A powerful legislative committee chairman is threatening to strip Fairfax County of one of its prospective two new seats in the House of Delegates, a move that could touch off a major regional power struggle over legislative redistricting.

Del. John Gray (D-Hampton), chairman of the House Privileges and Elections Committee that oversees this year's constitutionally mandated reapportionment, has told the panel's Northern Virginia members that he believes the region is entitled to only 20 House seats, one fewer than the number that suburban Washington lawmakers believe 1980 Census figures entitle them to.

The new dispute is the first in what many lawmakers believe will be a series of acrimonious battles over reapportionment triggered by the growing strength of the Republican Party and by regional rivalries. The last reapportionment 10 years ago resulted in at least two federal lawsuits, including an unsuccessful effort by Fairfax lawmakers to retrieve a "lost" delegate.

The seat Gray plans to scrap this time also would come from the Republican-dominated Fairfax delegation, which some lawmakers had expected to expand from its present 10 to 12 members under the redistricting. Gray wants to hold Fairfax, the state's most populous jurisdiction, to 11 delegates, a move Republicans say would be a blatantly political attempt to deny the GOP another seat in the Democrat-controlled House.

"The effect will be to cut down on Republicans -- they stole one from us last time and now they're going to try to do it again," said Fairfax Republican Del. Lawrence Pratt, referring to the 1971 redistricting plan in which the county was denied a seat that ultimately went to the Democrat-dominated Norfolk area.

So confident have Northern Virginia legislators been of receiving 12 Fairfax House seats for this fall's elections that they have already drawn up a plan to divide the county into four three-member districts.

Fairfax delegates have vowed to file suit again this year to overturn such a plan if it should be adopted by the legislature. And Republican Del. Robert E. Harris said he would call on the Justice Department, which he noted is now run by a Republican administration and which under the Voting Rights Act must review and approve Virginia's reapportionment, to reject such a redistricting plan.

Northern Virginia Democrats say they, too, would fight against losing another advocate of regional interests. "As a Democrat, the idea of having an extra Republican out in Fairfax doesn't help me sleep at night, but from a regional point of view we need every delegate we can get," said Del. Warren G. Stambaugh of Arlington.

Gray denied today the he had reached any final conclusion about the size of the Fairfax delegation, but said census figures indicate Fairfax is likely to fall short of the population needed for a 12th seat. He also denied politics played any role in his calculations.

"This will be decided by full committee, not by me alone, and it will be decided by the (population) numbers," said Gray. The assembly will reconvene in the early spring in a special reapportionment session.

Preliminary figures indicate the each of the state's 100 House seats should represent about 53,200 people under the one-man, one-vote doctrine established by the Supreme Court. Northern Virginia lawmakers say their region, with a population of 1.1 million, should be entitled to 21 seats -- 3 in Arlington, 2 in Alexandria, 3 in Prince William County, 1 in Loudoun County and 12 in the two Fairfax County districts that include Fairfax City and Falls Church.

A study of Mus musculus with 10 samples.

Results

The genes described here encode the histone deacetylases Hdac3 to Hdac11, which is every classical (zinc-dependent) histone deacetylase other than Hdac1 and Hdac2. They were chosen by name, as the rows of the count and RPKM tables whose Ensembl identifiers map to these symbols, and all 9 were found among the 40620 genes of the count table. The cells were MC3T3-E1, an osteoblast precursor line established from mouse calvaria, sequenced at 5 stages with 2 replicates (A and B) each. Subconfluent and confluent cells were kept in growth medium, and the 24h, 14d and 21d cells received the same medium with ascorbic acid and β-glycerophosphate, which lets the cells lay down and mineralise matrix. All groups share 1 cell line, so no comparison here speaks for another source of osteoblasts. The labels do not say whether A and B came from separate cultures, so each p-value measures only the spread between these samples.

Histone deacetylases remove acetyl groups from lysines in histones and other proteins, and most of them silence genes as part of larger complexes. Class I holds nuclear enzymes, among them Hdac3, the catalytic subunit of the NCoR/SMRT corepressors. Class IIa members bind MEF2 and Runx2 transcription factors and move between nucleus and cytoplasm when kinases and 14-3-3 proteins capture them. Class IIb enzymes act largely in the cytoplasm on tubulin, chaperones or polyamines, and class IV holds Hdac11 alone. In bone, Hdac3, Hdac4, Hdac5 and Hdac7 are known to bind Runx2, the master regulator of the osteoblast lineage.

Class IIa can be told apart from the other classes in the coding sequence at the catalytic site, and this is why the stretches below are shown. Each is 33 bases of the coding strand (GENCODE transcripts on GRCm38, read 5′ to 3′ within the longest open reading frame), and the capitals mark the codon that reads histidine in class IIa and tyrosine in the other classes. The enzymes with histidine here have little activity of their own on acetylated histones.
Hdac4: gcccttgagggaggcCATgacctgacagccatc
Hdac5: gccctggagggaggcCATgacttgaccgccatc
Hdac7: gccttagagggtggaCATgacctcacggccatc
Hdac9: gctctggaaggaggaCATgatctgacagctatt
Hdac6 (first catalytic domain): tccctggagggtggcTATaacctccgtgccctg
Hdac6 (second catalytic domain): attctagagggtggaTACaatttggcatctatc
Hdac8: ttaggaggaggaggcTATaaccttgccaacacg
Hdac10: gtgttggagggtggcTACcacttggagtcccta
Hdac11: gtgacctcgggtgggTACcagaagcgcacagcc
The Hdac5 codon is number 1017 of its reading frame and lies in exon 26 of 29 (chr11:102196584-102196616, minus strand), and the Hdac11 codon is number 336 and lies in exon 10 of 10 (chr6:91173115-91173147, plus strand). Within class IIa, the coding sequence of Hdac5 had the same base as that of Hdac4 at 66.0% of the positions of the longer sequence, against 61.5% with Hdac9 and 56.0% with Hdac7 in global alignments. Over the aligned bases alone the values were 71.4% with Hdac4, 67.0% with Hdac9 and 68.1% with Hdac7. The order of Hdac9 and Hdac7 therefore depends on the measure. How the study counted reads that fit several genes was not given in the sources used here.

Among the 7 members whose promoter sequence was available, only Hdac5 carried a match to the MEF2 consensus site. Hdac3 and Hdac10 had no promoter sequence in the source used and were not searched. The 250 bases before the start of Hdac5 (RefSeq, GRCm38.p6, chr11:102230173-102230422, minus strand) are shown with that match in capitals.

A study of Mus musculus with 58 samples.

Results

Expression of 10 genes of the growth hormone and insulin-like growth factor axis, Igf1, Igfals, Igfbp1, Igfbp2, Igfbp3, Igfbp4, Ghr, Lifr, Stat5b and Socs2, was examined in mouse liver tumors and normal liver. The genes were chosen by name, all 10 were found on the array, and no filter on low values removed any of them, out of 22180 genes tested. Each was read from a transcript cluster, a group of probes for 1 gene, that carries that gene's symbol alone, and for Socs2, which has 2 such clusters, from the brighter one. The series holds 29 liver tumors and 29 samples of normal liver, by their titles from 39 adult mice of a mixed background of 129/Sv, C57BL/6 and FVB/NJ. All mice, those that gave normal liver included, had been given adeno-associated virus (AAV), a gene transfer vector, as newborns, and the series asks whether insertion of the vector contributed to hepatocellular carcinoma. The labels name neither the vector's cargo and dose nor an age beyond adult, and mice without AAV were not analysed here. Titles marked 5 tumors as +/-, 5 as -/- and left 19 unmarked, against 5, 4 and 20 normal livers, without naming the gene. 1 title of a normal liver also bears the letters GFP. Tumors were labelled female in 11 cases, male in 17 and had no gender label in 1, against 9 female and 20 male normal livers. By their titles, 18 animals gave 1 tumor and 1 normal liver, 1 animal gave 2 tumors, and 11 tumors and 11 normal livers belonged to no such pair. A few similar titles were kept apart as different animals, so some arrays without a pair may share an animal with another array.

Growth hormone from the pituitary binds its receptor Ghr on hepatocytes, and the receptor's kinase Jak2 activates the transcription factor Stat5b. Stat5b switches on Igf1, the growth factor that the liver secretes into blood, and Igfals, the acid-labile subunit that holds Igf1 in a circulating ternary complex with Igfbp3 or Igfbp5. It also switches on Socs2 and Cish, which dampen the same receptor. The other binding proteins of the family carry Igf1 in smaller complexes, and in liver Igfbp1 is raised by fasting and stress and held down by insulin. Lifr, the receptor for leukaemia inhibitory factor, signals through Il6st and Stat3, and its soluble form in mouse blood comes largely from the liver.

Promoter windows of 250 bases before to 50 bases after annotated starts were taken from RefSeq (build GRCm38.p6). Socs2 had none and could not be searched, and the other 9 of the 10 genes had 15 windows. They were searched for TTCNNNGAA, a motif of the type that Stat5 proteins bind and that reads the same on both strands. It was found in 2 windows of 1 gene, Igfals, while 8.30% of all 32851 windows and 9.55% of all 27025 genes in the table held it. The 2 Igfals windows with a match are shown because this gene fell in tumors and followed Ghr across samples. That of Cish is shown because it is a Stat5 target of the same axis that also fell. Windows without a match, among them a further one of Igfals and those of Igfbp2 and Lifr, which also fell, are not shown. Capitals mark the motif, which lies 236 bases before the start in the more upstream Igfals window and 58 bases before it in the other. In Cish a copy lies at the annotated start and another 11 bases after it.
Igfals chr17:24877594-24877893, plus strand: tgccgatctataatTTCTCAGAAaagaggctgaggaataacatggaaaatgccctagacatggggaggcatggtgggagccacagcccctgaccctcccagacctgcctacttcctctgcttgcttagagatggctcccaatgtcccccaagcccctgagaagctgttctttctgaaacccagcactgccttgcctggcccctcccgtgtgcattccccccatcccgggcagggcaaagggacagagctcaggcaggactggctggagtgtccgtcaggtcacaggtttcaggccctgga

But Gray has said he wants to take Falls Church and its 9,500 people out of a Fairfax district and add it to Arlington's House district. That would make Arlington a near "perfect" three-member district of 161,000, but would deny Fairfax some of the population it needs to qualify for a 12th seat.

Area lawmakers argue that Falls Church, a city that was carved out of Fairfax in 1950 and still shares its court system with the county, logically belongs in a legislative district with Fairfax. The also note that Fairfax, whose population of 595,500 is more than twice that of any other Virginia locality, is one of the state's fastest-growing areas. New residents will be denied proper representation in the General Assembly if the extra seat is lost, they contend.

"The bottom line is we're entitled to 12 seats and we're going to fight for them," said Del. Vincent F. Callahan (R-Fairfax), the senior Northern Virginian on the Privileges and Elections Committee.

Gray is considered one of the key members of the inner circle of conservative downstate lawmakers who rule the House, but it was unclear today whether his proposal has the support of the House leadership. Del. Claude Anderson (D-Buckingham), another influential downstater and a senior member of the committee, said he and other members would not begin to consider the issue until the present legislative session ends.

The General Assembly plans to hold a special session at the end of next month to vote on redistricting. The committee will hold a series of public hearings around the state in three weeks and is expected to hammer out boundary lines for reapportionment after the hearings. But many lawmakers believe Gray already has determined where many of the lines will go and will attempt to pressure committee members into supporting him.